The FTSE 100 Index has risen as much as 5.7% in the first three sessions of 2021, on track to surpass the previous record set in 2009. This time around, the benchmark is getting a boost from investors piling into economically sensitive sectors as U.S. Democrats closed in on control of the Senate, while a Brexit deal has ended a long period of uncertainty for the unloved shares.
Banks, miners and energy shares pushed the FTSE 100 up for a third day on Wednesday on speculation that a Senate win for Joe Biden’s Democrats will fuel more stimulus that will drive economic growth and inflation. That’s adding to bullishness about the market after the U.K. reached a trade deal with the European Union, even as the nation has gone back into lockdown.
“Markets are clearly preparing for a sharp rise in commodity demand thanks to big green infrastructure plans in Europe and the U.S.,” Joshua Mahony, senior market analyst at IG Group Holdings Plc, wrote in a note. “The sharp rise in upside from FTSE banking stocks does highlight the feeling that the more expansive Biden will provide as much support as necessary to avoid major economic suffering, thus lowering the potential losses that come from job losses and defaults.”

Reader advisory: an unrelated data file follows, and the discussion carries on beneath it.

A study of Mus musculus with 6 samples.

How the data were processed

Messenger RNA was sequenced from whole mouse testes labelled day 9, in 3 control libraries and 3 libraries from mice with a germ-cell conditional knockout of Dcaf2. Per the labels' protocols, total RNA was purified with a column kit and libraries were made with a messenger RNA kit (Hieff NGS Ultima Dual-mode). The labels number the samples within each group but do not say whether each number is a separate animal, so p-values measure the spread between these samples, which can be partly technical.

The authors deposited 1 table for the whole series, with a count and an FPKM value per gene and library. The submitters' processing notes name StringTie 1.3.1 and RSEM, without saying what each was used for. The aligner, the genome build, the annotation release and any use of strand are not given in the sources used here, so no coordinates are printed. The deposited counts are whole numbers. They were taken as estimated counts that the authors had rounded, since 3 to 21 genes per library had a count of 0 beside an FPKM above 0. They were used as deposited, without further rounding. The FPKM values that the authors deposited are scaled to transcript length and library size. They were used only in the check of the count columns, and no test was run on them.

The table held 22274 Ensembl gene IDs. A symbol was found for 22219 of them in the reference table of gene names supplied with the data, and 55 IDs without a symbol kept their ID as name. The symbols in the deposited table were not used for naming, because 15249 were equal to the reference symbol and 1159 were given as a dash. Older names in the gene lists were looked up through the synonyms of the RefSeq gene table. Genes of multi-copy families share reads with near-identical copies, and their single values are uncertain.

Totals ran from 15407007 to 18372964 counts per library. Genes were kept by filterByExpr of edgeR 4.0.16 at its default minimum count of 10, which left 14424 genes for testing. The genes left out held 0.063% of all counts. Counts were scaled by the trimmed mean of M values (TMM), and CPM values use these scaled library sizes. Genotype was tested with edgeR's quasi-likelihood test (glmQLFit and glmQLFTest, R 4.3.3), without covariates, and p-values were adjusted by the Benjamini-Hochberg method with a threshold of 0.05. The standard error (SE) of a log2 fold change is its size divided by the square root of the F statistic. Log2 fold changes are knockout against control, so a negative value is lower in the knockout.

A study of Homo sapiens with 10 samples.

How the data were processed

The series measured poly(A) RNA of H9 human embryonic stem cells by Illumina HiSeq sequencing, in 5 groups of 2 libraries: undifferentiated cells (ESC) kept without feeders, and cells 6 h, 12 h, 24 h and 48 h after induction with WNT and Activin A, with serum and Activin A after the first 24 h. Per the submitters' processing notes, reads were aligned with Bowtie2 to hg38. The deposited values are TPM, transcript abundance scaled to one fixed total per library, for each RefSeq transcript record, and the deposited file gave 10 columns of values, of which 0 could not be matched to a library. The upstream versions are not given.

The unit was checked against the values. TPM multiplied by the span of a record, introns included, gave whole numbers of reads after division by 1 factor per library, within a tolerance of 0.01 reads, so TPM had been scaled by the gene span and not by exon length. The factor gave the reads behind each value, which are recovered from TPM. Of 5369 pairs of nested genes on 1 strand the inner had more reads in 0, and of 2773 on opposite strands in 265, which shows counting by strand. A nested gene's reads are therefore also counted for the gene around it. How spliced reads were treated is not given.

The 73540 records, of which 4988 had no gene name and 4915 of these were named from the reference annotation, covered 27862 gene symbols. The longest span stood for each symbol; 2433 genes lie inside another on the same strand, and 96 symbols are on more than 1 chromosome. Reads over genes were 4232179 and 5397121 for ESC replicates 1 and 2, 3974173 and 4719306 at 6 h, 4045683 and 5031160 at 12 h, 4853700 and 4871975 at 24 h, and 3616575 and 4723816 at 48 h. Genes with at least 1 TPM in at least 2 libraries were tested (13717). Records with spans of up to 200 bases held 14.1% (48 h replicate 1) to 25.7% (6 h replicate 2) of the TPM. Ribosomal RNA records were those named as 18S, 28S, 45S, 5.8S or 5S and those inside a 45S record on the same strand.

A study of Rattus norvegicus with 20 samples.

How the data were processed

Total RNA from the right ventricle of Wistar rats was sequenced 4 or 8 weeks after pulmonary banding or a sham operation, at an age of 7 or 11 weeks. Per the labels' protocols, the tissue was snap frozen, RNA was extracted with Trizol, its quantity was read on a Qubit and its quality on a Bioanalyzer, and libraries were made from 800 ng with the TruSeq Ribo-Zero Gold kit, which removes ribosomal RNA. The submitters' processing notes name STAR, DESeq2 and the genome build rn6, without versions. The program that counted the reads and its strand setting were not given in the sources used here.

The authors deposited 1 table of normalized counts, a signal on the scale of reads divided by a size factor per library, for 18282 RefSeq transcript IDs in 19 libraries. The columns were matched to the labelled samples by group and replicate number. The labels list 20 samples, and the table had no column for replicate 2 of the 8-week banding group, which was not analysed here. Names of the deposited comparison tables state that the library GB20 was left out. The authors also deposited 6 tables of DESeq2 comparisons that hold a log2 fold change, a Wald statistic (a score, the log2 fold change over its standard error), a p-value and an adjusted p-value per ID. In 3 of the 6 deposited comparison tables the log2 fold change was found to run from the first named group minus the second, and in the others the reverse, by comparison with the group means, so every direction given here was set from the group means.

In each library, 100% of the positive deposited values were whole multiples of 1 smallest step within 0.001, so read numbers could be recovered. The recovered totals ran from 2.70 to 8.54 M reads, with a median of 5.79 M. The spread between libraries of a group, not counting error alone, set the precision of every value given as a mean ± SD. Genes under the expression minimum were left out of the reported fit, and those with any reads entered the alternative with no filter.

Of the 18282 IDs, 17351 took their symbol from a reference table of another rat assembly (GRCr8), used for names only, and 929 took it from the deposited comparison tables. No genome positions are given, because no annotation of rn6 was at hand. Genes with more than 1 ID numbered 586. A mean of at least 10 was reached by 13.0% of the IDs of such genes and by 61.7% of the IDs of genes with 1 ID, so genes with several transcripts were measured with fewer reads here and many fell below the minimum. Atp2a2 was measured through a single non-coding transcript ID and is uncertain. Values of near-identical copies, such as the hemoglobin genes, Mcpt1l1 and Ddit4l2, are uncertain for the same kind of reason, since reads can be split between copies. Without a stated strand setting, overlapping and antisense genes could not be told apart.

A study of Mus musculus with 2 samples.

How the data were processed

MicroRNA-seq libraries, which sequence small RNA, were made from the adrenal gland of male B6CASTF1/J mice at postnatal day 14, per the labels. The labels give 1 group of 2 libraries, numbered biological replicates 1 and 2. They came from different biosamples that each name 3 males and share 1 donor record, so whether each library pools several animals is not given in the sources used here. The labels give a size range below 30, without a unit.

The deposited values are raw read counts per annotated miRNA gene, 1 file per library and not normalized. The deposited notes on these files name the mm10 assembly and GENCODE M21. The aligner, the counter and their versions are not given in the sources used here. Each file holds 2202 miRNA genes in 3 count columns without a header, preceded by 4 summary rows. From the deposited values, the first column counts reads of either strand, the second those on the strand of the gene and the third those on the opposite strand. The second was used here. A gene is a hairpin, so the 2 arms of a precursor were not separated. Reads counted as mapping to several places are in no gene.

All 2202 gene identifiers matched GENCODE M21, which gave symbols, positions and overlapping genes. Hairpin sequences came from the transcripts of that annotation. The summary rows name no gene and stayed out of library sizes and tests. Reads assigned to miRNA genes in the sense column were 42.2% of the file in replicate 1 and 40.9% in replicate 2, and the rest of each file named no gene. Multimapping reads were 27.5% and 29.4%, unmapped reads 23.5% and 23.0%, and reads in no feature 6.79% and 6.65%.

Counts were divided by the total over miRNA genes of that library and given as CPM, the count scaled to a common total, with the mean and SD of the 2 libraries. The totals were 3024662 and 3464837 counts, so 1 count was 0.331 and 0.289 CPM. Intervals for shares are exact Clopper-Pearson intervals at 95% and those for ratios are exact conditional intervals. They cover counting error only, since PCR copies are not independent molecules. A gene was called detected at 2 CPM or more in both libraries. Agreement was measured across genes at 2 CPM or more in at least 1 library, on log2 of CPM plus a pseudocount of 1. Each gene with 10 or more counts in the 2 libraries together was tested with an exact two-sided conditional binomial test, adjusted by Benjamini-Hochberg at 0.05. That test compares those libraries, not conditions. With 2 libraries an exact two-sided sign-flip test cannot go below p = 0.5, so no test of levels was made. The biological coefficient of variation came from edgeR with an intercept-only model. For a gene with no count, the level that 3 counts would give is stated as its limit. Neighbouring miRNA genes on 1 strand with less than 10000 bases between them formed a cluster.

The gains come on the heels of the FTSE 100’s worst annual drop since 2008, and signal a shift in sentiment toward the market that’s been the worst performer among major equity markets since the 2016 Brexit referendum. For investors betting on a global recovery from the pandemic, the cheapness of U.K. equities may be attractive as value stocks are forecast by many strategists to shine in the coming year.
The FTSE 100’s stellar beginning to 2021 means the benchmark is on track to surpass the 4.6% gain seen in the first three sessions of 2009 and is heading for the best start to a year since its creation in 1984, when constituents included confectioner Rowntree Mackintosh Plc, acquisitive conglomerate Hanson Trust Plc and oil & gas producer Britoil Plc.